Viewing 4 posts - 1 through 4 (of 4 total)
  • Author
    Posts
  • AnnCAndrews
    Member
    Post count: 2

    I was diagnosed last fall with a 1st degree Spondylolithesis at L4 L5. All the information I find on line seems to show and talke about this with the upper part of the spine moving forward and the lower/pelvis portion having slipped back. My spondylolithesis is the opposite with the lower spine having moved forward and the upper spine moving back. There is degeneration present as I am an overweight 51 year old female but it isn’t clear that that is the sole cause of the spondy. My question is simple: I had a surgery 2+ years ago that tacked a prolapsed organ up by tying it to the spinal sheath. My problems bagan in the year after the surgery. Is it reasonable to be concerned that the pull of the tack may be what precipitated condition especially if there may have been an undiscovered underlying condition? What type physician is likely to be able to help me unravel this? My fear is that if I am right and there is a connection, until the tack is reversed the source of the problem will continue and cancel anything I do to try to improve my issue. I have been doing physical therapy which is helping minimally and my symptomolgy includes tolerable pain but also an increasing numbless in my left thigh. The diagnosing physician was in general insensitive to my concerns and I have been trying to figure out what type physician is the best to manage/plan my future and how to treat the spondy. Thank you so much for offering this forum and the potential to get some guidance from someone who I dearly wish was near me. :-)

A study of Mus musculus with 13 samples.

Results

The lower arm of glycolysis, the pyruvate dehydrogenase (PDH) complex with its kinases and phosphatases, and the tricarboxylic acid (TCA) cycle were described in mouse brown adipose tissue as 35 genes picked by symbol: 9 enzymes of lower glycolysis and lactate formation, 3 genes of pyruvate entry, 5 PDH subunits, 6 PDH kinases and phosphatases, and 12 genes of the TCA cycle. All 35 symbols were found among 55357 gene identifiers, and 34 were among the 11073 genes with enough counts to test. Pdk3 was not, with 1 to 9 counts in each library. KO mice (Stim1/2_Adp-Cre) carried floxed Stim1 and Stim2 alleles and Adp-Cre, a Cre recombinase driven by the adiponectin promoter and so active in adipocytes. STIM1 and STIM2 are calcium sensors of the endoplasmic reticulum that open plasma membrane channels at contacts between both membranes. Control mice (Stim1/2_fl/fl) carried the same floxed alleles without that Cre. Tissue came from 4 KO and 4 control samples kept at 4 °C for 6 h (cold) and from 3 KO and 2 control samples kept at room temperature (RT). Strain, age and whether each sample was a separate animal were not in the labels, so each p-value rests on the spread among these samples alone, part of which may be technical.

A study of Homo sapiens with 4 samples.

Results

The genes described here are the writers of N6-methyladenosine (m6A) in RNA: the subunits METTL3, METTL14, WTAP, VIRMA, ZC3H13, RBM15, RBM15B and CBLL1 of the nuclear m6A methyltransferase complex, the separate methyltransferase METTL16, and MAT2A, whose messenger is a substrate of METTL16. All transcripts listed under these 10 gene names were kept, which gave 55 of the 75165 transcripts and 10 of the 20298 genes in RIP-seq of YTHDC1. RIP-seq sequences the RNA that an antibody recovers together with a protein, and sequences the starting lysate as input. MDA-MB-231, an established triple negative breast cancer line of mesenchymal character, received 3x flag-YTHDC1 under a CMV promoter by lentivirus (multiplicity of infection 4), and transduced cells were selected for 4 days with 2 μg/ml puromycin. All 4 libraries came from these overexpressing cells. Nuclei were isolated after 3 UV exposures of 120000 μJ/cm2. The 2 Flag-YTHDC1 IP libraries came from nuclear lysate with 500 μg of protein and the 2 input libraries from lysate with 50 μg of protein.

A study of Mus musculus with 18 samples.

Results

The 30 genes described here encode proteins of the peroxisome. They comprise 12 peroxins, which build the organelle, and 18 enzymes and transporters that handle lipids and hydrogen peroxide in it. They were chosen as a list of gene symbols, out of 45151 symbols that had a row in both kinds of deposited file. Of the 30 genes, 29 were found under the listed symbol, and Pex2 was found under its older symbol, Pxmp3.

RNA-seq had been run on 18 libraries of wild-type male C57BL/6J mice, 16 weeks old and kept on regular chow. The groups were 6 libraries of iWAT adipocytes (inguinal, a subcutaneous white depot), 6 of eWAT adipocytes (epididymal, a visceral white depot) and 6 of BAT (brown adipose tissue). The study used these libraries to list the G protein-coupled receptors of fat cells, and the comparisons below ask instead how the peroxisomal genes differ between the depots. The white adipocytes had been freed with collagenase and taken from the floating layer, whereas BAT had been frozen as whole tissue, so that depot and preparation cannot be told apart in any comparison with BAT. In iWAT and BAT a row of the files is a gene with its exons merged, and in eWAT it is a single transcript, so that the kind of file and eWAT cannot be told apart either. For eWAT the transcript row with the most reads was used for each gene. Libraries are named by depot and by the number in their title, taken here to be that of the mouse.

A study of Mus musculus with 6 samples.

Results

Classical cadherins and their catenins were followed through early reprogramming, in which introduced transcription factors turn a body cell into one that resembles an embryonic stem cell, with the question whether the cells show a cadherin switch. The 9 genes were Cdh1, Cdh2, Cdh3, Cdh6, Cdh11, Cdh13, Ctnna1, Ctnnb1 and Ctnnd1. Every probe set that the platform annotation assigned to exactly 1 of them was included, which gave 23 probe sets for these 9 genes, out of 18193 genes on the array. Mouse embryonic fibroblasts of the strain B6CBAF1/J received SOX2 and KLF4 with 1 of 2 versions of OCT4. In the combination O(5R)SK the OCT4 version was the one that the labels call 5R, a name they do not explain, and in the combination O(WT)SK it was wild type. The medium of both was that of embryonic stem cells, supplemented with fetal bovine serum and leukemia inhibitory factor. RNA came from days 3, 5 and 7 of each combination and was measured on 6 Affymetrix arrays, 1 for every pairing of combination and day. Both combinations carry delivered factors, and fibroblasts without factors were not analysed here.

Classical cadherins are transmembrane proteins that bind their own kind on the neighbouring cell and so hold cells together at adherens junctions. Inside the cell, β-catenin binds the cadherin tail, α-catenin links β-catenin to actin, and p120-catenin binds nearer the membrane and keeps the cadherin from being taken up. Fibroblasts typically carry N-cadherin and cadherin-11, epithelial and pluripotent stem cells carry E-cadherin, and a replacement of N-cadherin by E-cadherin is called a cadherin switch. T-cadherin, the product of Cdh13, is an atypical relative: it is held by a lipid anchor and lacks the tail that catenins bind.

Donald Corenman, MD, DC
    Moderator
    Post count: 8459

    Your condition at L4-5 is called a retrolisthesis and is not associated with tacking the organ sheath to what I imagine is the anterior longitudinal ligament, the ligament that runs along the front of the spine.

    A retrolisthesis occurs from degenerative disc disease. The disc narrows as does all discs with degenerative changes and the loss of height puts more stress on the facets. The facets are like a ramp angled backwards and the loss of height allows the facets to “pull” the upper vertebra backwards.

    This condition can be related with an increased curve in the thoracic spine but usually not only at the L4-5 level, so it is very unlikely that you have that association.

    The standard treatment for degenerative disc disease is what you need right now. This includes a core strengthening program with physical therapy. A good spine rehab doctor like a physical medicine and rehabilitation (PM&R) physician might be a good pick.

    Dr. Corenman

    AnnCAndrews
    Member
    Post count: 2

    Thank you so much for your reply. I will look into one of the local physical medicine and rehabilitation physicians. Is Chiropractic care okay to use as a tool along with this or does the retrospondylothesis make this a bad idea? I had a great chiropractor who is the one that found the retrospondylolithesis initially and wanted me to get an mri and more information from a traditional medical professional before she did anything further. I noticed you have a background with both and figure your answer won’t be biased for or against as some chiropractors or traditional medical professionals’ answers would be.

    Thank you again,

    Ann

    Donald Corenman, MD, DC
    Moderator
    Post count: 8459

    Chiropractic treatment can work well for this disorder. Your chiropractor is to be commended for seeking out more information regarding this finding.

    Dr. Corenman

Viewing 4 posts - 1 through 4 (of 4 total)
  • You must be logged in to reply to this topic.